Sunday, February 27, 2011

Hauling Off on the Hall

As the "Road to WrestleMania" changes routes to "Know Your Role" Boulevard and Jabroni Drive, wrestling fans worldwide anticipate the Granddaddy of 'Em All. While spring is often cited as the most exciting time of the year due to WrestleMania, an event that occurs the night before has been gaining prestigue and notoriety for seven years now. Although current headliners such as John Cena, Undertaker, and The Miz are slated to compete on April 3rd, Atlanta will be rocking April 2nd for the annual WWE Hall of Fame ceremony. Honoring the rich history of professional wrestling, the Hall of Fame inducts a select class each year according to location, recent death, or political reasons. The Hall of Fame unites the wrestling community by turning Superstars into fans again for one night as they pay tribute to their childhood heroes.

In recent years, people have debated over the legitimacy of the Hall due its lack of physical existence as well as the questionable inductees such as Pete Rose and Koko B. Ware. While Paul Orndorff dismisses the Hall as a figment of Vince McMahon's imagination, J.R. designates the induction as his favorite moment in his career. Since Vintage Blogs! prides itself on celebrating wrestling's past rather than the modern sports-entertainment bastardization, I will provide my proposal for re-establishing the WWE Hall of Fame.

1. Build a Physical Museum
Cooperstown. Pro Football Hall of Fame. Naismith Memorial. Rock and Roll. Every hall of fame has a facility to display memorabilia, feature inductees, and contain memories. In addition to enshrining legacies, the facilities generate revenue by charging admission to explore. Instead of bodybuilding, films, and the XFL, Vince should be focused on catering to his most loyal audience by establishing a monument that would attract fans of all ages from all over the world. Shane McMahon has stated in the past that WWE had been storing wrestling memorabilia in a warehouse for years in case a facility is created; however, no progress has been made. Orlando Mayor Buddy Dyer and Orange County Mayor Rich Crotty have lobbied for the WWE to establish the Hall of Fame in Florida due to the financial stimulus that WrestleMania 24 spawned in Orlando. Since Orlando is already a tourist attraction, WWE should ride Universal Studio's coattails and appease the mayors. Other potential areas would be Long Island, Greensboro, Philadelphia, or Stamford, CT. WWE should remember: "If you build it, they will come."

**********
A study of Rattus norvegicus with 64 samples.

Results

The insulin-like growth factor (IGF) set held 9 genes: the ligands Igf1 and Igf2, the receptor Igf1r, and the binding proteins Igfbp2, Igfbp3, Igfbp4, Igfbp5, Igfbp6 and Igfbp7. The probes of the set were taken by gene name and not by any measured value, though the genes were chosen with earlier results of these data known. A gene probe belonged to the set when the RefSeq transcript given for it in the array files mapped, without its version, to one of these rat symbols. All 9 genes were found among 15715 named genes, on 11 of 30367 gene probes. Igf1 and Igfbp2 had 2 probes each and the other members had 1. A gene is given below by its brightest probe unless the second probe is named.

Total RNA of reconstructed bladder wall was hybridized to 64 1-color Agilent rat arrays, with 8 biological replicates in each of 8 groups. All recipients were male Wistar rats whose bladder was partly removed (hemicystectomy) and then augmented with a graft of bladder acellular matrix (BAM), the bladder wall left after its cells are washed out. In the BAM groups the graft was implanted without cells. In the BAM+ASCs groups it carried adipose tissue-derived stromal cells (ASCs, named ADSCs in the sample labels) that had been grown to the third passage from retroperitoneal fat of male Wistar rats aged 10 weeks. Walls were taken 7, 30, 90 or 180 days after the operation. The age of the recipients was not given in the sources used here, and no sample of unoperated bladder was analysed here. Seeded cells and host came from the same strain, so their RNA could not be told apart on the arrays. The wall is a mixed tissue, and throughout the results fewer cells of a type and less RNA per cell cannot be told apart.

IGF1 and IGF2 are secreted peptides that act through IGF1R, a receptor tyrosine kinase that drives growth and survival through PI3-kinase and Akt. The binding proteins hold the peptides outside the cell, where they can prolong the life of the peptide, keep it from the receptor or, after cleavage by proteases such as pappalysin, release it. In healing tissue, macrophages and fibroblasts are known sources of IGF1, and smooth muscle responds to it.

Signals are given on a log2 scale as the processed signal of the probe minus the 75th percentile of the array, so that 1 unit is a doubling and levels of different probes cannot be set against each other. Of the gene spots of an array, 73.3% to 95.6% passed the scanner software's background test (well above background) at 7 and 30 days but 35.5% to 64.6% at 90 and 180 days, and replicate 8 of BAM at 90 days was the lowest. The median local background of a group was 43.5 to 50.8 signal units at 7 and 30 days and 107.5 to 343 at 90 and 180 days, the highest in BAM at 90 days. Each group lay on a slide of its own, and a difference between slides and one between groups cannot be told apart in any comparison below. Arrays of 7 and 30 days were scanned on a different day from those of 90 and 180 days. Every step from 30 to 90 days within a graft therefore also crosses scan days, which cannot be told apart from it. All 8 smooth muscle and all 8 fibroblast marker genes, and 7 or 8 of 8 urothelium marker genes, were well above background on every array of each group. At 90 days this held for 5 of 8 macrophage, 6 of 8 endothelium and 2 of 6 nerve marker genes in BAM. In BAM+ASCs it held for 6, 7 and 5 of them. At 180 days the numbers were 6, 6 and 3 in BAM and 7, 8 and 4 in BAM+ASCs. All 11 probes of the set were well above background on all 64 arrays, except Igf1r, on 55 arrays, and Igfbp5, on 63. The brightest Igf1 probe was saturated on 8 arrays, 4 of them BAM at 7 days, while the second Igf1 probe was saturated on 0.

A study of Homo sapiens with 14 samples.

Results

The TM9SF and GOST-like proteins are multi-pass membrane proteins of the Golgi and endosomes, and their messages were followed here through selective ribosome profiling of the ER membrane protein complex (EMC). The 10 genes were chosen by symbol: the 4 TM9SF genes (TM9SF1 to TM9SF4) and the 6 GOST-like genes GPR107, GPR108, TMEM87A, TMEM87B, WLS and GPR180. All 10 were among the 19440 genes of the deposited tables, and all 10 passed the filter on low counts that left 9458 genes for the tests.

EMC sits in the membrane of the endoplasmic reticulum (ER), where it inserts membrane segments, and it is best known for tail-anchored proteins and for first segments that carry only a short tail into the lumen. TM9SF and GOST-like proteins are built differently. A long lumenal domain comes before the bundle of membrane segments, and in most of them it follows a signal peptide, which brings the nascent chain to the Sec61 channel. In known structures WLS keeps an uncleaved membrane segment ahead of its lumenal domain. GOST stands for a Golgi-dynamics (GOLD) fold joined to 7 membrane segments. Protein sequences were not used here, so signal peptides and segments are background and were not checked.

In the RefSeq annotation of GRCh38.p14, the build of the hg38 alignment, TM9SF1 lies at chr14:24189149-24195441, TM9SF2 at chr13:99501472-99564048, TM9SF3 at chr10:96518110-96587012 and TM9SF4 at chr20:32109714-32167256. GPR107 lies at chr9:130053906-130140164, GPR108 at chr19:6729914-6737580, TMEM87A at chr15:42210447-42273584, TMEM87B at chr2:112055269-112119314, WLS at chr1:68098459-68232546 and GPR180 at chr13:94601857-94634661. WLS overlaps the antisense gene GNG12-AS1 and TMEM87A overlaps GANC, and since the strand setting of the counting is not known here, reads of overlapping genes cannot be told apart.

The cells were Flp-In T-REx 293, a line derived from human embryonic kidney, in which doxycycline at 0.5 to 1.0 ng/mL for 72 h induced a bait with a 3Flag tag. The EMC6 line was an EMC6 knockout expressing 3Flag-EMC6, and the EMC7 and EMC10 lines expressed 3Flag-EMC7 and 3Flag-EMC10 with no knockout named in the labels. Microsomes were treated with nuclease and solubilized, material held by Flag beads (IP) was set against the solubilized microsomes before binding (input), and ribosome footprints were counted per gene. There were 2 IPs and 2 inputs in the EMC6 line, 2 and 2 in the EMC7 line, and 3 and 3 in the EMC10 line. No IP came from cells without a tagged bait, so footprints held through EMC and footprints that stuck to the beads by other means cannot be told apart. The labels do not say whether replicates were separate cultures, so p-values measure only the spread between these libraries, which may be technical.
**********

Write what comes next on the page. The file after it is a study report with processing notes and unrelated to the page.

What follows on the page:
2. Eliminate Questionable Inductees
As of the 2010 Class, the Hall of Fame consists of 88 members. For an empire that has existed since 1963, the Hall should include pioneers, record breakers, and former world heavyweight champions. Establishing criteria that wrestlers' careers would be judged on, the WWE would not only add credibility to its inductions but also sweep out the clutter of its personal treasure chest. Here are the members that I would eliminate:
James Dudley
Ivan Putski
"Baron" Mikel Scicluna
Johnny Rodz
Big John Studd
Chief Jay Strongbow
Pete Rose
"Cowboy" Bob Orton
George "The Animal" Steele
William "The Refrigerator" Perry
Koko B. Ware
Bob Eucker
Valiant Brothers
Chris and Mike Von Erich

Clearly, the celebrity wing would be abolished because it detracts from the sacrifice, dedication, and achievements of the wrestlers who are the reason for the Hall in the first place. Chris and Mike should earn Hall of Fame status due to their last name, and the Valiants' name doesn't belong in there at all. Rodz and Ware were glorified jobbers. Dudley was Vince Senior's limo driver. Steele, Strongbow, Studd, Orton, and Putski were featured stars in their heyday; however, nostalgia has sweetened their presence in the industry. Although they main evented occassionally, their careers do not warrant Hall of Fame glory.

3. Limit Inductions to 3 a Year
At the average of 7 inductions a year, the WWE is rushing through their rolodex at an alarming rate. Relying on superstars of the 90s as the main induction these past few years indicates that WWE is enshrining more legends than they are producing. Plus, the significance of each induction is diminshed by grouping with other members. For example, Terry Funk was inducted as a member of the famous Funk Family rather than for his iconic singles achievements which include an NWA World Heavyweight Championship reign. By limiting each HOF class to three members, not only would each inductee receive more focus but also legends would be preserved for future inductions.

Vintage Blogs! will continue coverage of the Hall of Fame as the "Road to WrestleMania" bandwagon checks into The Heartbreak Hotel.